Clemson University Partners with Perceptual Informatics to Fight Forest Fragmentation
Asheville, NC (October 5, 2019) - Clemson University's Life Sciences Outreach Center (LSOC) has partnered with Perceptual Informatics, LLC to develop a new object-detection database to assist AI-powered systems to recognize forest fragmentation in satellite images. The collaboration will deliver both a searchable image database of global high-resolution satellite imagery and a prototype AI model that detects the early signs of forest fragmentation. The project will bring together Clemson students, faculty, the U.S. Forest Service, lay citizen scientists, and industry professionals, and will be executed upon successful funding through the Leonardo DiCaprio Foundation and Microsoft's AI for Earth Innovation Grant.
Fragmentation is not equivalent to deforestation though the two are related. Fragmentation is a process where "edges" are introduced into previously continuous forest through human development, such as roads and agriculture. Edges provide an easy way for invasive species, disease, and human induced wildfire to gain entry to a forest. It's a little like an injection, except that it's continuous. Fragmentation leads to sharp declines in the biodiversity and abundance of interior forest species, and often inadvertently leads to population booms in edge dwelling species like deer and raccoons.
The Fight Forest Fragmentation project is a pilot study to see if lay citizen scientists can help ecologists and foresters scan and label thousands of satellite images for signs of forest fragmentation. Perceptual Informatics will help the project develop the image labeling tool as well as obtain the Synthetic Aperture Radar data that will be used to visualize forested landscapes. The final database of images will be used by object-detection AI algorithms to identify new locations of forest fragmentation around the world on their own and alert scientists. This new database and system will also complement existing forest fragmentation databases and ongoing global forest monitoring systems because it is the first of its kind to use all-weather, day-and-night radar data from satellites combined with AI.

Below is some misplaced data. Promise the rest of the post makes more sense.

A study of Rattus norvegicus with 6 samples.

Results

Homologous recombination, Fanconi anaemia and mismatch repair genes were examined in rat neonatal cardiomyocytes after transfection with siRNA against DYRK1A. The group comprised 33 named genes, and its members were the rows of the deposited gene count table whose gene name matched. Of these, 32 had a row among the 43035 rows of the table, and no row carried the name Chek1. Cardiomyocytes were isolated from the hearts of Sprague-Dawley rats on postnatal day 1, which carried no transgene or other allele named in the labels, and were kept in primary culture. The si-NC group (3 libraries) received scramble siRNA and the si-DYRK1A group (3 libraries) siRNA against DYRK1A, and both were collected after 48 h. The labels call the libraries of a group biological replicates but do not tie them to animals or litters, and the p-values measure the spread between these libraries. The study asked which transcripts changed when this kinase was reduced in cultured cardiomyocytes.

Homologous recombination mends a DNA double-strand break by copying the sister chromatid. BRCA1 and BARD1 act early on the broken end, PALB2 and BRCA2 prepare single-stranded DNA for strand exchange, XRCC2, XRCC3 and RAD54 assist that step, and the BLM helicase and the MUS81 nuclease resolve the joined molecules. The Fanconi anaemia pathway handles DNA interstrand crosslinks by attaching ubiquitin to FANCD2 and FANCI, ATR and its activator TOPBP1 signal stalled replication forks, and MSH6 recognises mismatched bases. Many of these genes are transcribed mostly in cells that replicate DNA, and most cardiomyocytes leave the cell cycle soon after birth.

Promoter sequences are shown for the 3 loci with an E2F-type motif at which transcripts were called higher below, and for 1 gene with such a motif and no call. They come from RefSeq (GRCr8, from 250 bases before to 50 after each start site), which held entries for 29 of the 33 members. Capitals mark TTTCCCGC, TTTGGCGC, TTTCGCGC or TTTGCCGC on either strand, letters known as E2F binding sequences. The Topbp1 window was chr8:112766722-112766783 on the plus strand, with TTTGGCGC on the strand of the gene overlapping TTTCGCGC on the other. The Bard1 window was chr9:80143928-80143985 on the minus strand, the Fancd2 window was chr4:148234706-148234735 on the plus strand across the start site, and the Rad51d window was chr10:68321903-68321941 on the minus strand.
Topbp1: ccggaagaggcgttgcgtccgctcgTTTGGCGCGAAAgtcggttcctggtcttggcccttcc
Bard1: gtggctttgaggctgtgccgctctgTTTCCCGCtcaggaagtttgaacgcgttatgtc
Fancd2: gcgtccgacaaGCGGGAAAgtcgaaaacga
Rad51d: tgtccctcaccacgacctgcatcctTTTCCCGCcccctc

Dr. Renee Lyons, Clemson University's Director of Science Outreach, will serve as the project's Principal Investigator and will provide opportunities for students and members of the public to contribute to the development of the AI-system. The project will teach students not only how to recognize forest fragmentation but also its effects on the quality of forest habitat, ecosystem services, and what this means for shared cultural values. The project will also provide students the opportunity to learn cutting-edge skills in artificial intelligence and computer science. Perceptual Informatics will lead the technical execution of the project and will ensure that the database and system are developed in a sustainable and scalable manner.